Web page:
Updates

05/04/11
Jackie Headapohl, Michigan Live NAFTA, a treaty among Canada, Mexico and the United States, removed tariffs and other trade barriers among those countries in 1994. But according to the Economic Policy Institute, a pro-labor, progressive organization, that treaty cost Michigan 43,600 jobs.
05/03/11
Michelle Chen, Color Lines News The construction giant Caterpillar is reportedly planning to treat its workers to steaming cups of Colombian coffee in the coming weeks, to warm them to the benefits of doing business with their “partners” in Latin America. While employees enjoy their break, lobbyists will be working hard, in their name, to peddle so-called “open markets” in Colombia, Panama and South Korea.
05/02/11
Eric Jackson, Eurasia Review From April 27 to April 29, Martinelli and 11 other Panamanian officials are meeting in Washington D.C. to discuss free trade, regional security, and bilateral cooperation with various U.S. departments and organizations. Today at the White House, President Barack Obama met with Panamanian President Ricardo Martinelli to discuss, among other issues, the pending free trade agreement between Panama and the United States. The meeting with Obama marks the halfway point of Martinelli’s three-day work trip to Washington D.C. and brings the U.S. one step closer towards closing the agreement with Panama.
05/02/11
David Newby, Lacrosse Tribune While so much of our attention recently has been consumed by the budget battles in Madison and Washington, another economic crisis has been developing without much publicity: imminent votes in Congress on more job-killing NAFTA-type trade deals.
05/02/11
Kim Jensen, The Baltimore Sun I just returned from a 10-day human rights delegation to Colombia sponsored by Witness for Peace. While we were in the midst of our intensive meetings in Valle del Cauca, Northern Cauca, and Bogota, we discovered that a high profile-American delegation had just arrived in the capital for its own two-day tour. The U.S. Congressional Ways and Means Committee had sent a bipartisan fact-finding mission to Colombia, co-sponsored by Maryland Rep. Steny Hoyer. What an amazing coincidence: two American delegations were gathering facts about Colombia at the same time.
04/29/11
Tammy Kim, Hyphen On Wednesday in Seoul, Korean President Lee Myung Bak welcomed a top-level American delegation. They met to discuss the US-Korea Free Trade Agreement (KORUS), which, having languished since negotiations in 2007, is now endorsed by President Obama and up for Congressional ratification. While American media scarcely covered this week’s events, Korean newspapers were saturated with reports, speculations, and photographs. In one image, President Lee stands beside another man of Asian descent: Gary Locke, the Chinese American Commerce Secretary and soon-to-be Ambassador to China.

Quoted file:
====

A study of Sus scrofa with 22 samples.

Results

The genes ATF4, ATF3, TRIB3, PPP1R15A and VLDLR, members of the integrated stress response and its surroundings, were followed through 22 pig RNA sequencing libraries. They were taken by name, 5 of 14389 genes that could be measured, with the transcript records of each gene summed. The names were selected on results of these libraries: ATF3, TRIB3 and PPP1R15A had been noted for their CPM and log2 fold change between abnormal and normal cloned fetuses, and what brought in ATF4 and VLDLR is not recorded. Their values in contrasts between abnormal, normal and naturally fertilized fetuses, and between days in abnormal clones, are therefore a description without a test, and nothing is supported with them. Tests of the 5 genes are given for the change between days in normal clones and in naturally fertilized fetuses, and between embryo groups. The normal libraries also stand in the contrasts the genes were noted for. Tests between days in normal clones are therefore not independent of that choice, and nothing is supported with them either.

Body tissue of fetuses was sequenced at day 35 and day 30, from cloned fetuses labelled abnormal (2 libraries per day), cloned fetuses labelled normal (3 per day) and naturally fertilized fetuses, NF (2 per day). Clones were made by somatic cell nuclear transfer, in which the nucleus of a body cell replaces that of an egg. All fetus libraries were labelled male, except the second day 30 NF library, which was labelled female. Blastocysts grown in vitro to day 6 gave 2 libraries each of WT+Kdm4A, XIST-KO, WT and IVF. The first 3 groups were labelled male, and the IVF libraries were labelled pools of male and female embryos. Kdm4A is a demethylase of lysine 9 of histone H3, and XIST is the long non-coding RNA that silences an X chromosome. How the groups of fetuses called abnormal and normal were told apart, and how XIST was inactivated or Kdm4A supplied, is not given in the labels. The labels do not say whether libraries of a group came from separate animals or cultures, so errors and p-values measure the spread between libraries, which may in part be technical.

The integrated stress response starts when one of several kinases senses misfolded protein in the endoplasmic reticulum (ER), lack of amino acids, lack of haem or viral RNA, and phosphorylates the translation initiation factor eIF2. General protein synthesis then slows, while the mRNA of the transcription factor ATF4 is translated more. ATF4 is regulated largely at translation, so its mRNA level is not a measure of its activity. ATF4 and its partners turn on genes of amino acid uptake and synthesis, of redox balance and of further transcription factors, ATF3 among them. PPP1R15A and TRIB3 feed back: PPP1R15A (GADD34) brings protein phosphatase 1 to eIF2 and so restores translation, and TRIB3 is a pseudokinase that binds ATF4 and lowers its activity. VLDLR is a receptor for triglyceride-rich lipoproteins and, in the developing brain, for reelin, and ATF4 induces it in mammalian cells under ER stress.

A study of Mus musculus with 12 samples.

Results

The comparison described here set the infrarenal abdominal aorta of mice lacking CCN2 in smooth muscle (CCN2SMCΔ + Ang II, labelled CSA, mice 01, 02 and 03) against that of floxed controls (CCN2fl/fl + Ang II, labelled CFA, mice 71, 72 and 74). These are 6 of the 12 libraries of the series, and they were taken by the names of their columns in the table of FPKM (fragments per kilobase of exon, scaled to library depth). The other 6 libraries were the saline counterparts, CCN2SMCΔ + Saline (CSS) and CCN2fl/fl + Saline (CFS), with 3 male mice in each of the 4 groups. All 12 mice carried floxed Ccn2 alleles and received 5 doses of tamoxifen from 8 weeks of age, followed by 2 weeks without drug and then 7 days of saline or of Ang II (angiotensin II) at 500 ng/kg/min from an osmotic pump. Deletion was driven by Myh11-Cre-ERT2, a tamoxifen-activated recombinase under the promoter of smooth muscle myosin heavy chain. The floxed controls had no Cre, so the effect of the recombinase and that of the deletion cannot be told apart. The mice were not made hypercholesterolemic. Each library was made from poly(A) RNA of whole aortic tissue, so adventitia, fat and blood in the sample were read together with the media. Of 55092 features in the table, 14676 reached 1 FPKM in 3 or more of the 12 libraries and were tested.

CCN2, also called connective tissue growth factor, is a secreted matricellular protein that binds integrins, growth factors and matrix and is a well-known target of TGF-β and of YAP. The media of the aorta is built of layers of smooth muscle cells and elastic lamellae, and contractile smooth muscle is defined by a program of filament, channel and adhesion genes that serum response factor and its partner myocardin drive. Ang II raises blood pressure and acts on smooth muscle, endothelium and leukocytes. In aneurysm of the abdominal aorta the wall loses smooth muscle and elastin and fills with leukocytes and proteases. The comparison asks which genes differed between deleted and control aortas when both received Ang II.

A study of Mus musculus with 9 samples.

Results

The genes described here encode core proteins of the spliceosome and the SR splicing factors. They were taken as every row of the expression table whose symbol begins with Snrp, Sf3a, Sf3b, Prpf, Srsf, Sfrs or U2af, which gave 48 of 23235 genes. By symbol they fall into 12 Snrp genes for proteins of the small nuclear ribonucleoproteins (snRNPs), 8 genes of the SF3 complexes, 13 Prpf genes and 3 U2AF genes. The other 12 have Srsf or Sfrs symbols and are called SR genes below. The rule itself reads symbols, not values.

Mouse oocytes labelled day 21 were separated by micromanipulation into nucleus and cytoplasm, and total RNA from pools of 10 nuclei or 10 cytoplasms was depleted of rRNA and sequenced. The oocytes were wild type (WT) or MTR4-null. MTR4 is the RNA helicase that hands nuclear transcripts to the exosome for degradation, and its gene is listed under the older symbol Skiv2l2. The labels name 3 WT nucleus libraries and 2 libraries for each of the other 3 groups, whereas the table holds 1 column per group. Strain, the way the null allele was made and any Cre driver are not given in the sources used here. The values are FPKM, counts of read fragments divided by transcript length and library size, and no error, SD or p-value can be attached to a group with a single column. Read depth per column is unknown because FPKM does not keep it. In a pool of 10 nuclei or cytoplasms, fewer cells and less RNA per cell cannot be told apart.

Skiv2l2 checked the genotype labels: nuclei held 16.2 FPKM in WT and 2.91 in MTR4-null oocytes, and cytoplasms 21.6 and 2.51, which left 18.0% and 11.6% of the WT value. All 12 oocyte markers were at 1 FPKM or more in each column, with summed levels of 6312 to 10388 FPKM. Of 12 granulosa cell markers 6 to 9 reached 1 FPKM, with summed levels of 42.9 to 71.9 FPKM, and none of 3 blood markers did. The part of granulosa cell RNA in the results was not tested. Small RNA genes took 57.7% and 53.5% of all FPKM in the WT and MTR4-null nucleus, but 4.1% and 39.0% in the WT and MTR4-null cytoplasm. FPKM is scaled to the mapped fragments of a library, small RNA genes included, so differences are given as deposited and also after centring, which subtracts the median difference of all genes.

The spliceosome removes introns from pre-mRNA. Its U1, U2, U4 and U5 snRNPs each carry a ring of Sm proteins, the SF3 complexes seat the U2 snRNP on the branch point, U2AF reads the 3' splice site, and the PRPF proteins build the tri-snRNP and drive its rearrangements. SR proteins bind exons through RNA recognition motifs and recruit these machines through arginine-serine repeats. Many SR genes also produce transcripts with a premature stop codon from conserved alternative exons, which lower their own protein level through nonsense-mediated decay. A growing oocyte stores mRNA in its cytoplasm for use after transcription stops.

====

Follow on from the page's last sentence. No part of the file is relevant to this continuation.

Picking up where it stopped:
04/29/11
By Eric Jackson, COHA From April 27 to April 29, Martinelli and 11 other Panamanian officials are meeting in Washington D.C. to discuss free trade, regional security, and bilateral cooperation with various U.S. departments and organizations.
04/27/11
Dustin Ensinger, Economy in Crisis The North American Free Trade Agreement could soon be used as a conduit to flood the U.S. market with cheap, duty-free Sri Lankan goods, according to a report at Lanka Business Online.
04/26/11
Joe McDonald, Associated Press Chinese protectionism has increased since the 2008 global crisis and U.S. companies are being hurt by Beijing's policies aimed at developing its technology industries, a business group said Tuesday. A report by the American Chamber of Commerce in China adds to mounting complaints that Beijing is violating the spirit of its free-trade pledges by limiting market access and trying to shield its fledgling technology industries from competition.
04/25/11
Jamison Cocklin, Bangor Daily News BANGOR, Maine — When 450 workers are unemployed and uncertainty and economic hardship pervades an entire region, an American president should witness the devastation and sorrow firsthand. This is the way members of the Maine Labor Council and the United Steelworkers said they felt Friday after a shutdown of the East Millinocket paper mill on April 1 left the Katahdin region workers they represent idle and under threat of permanent displacement, given mill owner threats to scrap the mills if another owner cannot be found.